WORK is set to begin within the next few weeks on a new £74 million green energy plant in Moray.
The UK Government has this week announced financial backing for the biomass development which will cover a 12-acre site on the outskirts of Craigellachie.
The plant – fuelled by woodchip sourced from within a 50-mile radius – will provide heat to the Macallan whisky distillery in Speyside, as well as electricity to the grid.
When first put forward it met with significant resistance from some sections of the local community.
Concerns were raised about its impact on local wildlife, the sustainability of the wood supply and increased traffic, amongst other issues.
A total of 113 objections were received by Moray Council before the local authority’s planning committee approved it by a narrow 7-6 margin in March, 2013.
The plant should have the potential to generate enough renewable energy to power more than 20,000 homes.
The subsequent reduction in carbon dioxide emissions has been estimated as the equivalent to taking 16,000 cars off the road.
Welcoming the funding announcement, Moray’s MP, Angus Robertson, said: “This level of investment is hugely significant for any area but especially for somewhere like rural Speyside.
“This comes on the back of hundreds of millions of pounds being invested in multiple distillery sites, and it bodes very well for the economic future of Moray.”
Pearl Paul and Mike McConachie, who are both councillors for the Speyside Glenlivet ward, also welcomed the news.
Councillor Paul said: “It is critically important that we have job prospects for young folk in our rural communities if those communities are to be sustainable into the future.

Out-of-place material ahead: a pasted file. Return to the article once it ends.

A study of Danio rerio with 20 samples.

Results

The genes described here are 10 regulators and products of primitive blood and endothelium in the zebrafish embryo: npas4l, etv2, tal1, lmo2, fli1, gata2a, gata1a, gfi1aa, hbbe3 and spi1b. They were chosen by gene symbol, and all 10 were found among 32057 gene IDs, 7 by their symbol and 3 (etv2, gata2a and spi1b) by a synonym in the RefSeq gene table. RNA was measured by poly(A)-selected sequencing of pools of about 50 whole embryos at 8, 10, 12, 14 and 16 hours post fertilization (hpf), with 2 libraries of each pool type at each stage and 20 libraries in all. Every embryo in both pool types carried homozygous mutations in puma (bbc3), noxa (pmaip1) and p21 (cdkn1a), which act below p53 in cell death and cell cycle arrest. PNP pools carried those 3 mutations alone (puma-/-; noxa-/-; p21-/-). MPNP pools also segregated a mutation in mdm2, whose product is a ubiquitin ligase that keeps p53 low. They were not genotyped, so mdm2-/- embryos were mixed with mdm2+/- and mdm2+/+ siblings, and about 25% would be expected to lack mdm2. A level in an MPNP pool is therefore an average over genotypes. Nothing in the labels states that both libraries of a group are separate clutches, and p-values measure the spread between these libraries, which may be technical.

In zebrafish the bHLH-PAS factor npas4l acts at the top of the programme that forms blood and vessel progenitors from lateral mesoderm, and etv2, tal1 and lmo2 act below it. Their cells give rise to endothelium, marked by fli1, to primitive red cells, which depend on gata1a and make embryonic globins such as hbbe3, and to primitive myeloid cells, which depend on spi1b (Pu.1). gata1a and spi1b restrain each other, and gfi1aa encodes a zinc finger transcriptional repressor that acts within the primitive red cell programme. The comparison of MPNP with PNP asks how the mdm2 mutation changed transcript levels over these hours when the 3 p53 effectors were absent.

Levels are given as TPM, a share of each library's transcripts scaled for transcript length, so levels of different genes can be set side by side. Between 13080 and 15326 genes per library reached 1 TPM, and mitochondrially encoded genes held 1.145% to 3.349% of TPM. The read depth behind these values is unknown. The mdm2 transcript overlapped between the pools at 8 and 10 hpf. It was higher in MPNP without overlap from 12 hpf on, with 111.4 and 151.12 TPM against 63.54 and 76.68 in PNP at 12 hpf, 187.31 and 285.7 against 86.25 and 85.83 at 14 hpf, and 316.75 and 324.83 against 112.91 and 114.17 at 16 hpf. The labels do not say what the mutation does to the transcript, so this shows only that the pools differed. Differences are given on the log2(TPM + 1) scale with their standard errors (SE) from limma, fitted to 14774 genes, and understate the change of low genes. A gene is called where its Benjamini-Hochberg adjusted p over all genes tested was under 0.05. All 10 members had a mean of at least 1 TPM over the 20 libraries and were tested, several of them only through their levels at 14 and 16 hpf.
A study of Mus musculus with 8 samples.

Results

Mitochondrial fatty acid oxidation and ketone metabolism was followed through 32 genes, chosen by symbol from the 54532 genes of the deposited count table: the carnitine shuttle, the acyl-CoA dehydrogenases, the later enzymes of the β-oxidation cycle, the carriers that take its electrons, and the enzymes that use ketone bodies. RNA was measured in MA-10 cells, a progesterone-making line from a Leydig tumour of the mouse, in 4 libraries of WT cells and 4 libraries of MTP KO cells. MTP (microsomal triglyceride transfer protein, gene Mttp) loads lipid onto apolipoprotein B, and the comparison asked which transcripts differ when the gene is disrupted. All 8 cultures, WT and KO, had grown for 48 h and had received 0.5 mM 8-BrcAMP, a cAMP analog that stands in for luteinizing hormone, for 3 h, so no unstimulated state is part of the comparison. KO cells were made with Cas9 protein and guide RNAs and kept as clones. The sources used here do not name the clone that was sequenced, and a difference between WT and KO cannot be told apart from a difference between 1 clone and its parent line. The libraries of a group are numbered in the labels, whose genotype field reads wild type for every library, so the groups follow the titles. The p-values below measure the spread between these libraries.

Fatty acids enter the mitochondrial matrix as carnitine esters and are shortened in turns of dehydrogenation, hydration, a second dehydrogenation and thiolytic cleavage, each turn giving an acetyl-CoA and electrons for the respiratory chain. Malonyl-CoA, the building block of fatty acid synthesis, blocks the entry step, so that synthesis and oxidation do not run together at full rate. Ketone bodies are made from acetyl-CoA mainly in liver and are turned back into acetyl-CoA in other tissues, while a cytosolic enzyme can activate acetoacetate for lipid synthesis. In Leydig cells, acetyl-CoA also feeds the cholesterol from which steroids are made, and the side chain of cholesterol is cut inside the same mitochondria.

“This type of investment certainly helps to boost those prospects and gives young folk the opportunities. Many of them want to live and work where they have been brought up. I very much welcome this boost.”
Councillor McConachie said: “This is good for jobs both directly and in the supply chain, as well as the obvious boost for local firms involved in construction.
“Speyside is seeing substantial investment from a variety of industries, notably from whisky. Combined with this energy investment it amounts to well into the hundreds of millions of pounds.”
The Government’s own UK Green Investment Bank is backing the project to the tune of £13 million, while the Treasury has also guaranteed another £48 million to be raised on the bond market.
Finally, the development firm John Laing is putting in the remaining £13 million.
The UK’s business secretary, Vince Cable, also gave his firm backing to the biomass plant.
Speaking after the announcement, he said: “This investment in Speyside will not only helpsecure jobs, boost a vital industry and support the local supply chain, but also generaterenewable energy for homes in Scotland.”
Building the plant will require a workforce of more than 100, while 23 permanent jobs will be created to man the site.
The Government announcement follows hard on the heels of a decision by Moray Council to approve plans put forward by the nearby Macallan distillery to build a £100 million production facility and visitor centre.
The distillery will be a major beneficiary of the new biomass plant, which will provide up to 90% of the steam needed for its whisky-making process.